The veteran photographer’s arrival in Duluth went unnoticed by the local newspapers.
One day in the summer of 1899, a Chicago & Northwestern train pulled into Duluth, Minnesota, carrying with it a private “photography car” owned by the Detroit Photographic Company. The DPC was one of the largest publishers of color postcards and photographic views and used several such special cars to haul their photographers around the country to capture images to publish.
Jackson moved to Detroit in 1898, the same year Congress authorized use of the penny postcard.
In the latter half of the nineteenth century, Jackson’s stunning photographs of wilderness landscapes, diminishing native tribes, boomtowns, and railroad construction had preserved views of the mythical and fading American West.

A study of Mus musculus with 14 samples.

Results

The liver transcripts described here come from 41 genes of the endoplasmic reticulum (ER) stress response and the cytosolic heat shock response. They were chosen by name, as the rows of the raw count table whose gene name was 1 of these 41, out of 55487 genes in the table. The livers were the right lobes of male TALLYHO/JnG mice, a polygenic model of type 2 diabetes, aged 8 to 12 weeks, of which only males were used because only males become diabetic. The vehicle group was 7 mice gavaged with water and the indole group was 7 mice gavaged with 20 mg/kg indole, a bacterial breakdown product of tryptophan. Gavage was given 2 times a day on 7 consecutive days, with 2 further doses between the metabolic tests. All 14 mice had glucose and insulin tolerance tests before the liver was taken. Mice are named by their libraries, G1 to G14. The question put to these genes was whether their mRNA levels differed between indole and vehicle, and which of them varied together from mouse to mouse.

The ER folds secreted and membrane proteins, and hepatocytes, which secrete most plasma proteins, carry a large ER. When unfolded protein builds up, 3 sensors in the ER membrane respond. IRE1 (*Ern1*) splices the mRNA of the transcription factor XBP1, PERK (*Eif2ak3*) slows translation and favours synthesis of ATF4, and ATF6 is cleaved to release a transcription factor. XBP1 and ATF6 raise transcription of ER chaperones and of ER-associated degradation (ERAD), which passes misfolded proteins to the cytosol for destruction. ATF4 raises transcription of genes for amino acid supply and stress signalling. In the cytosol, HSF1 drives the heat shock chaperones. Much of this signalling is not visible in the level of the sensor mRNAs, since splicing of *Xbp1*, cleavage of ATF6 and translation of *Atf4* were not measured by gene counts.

His otherworldly images of the Yellowstone region in northwestern Wyoming had brought Jackson great acclaim—and helped create the country’s first national park.
The DPC would become the giant of the postcard industry. (Image: Mark Ryan)In 1906 Detroit Publishing used the same three negatives for another panoramic view, but they also enhanced the postcard by adding an image of Duluth’s Aerial Transfer Bridge, built in 1905, and the cloud pattern is different.
Jackson began work managing the new color process at the DPC plant, but within a year he was back on the road doing what he loved best—shooting photographs. (Image: Mark Ryan) His first assignment that summer of 1899 was shooting scenes along the Chicago & Northwestern Railroad, the line that would eventually bring him to Duluth.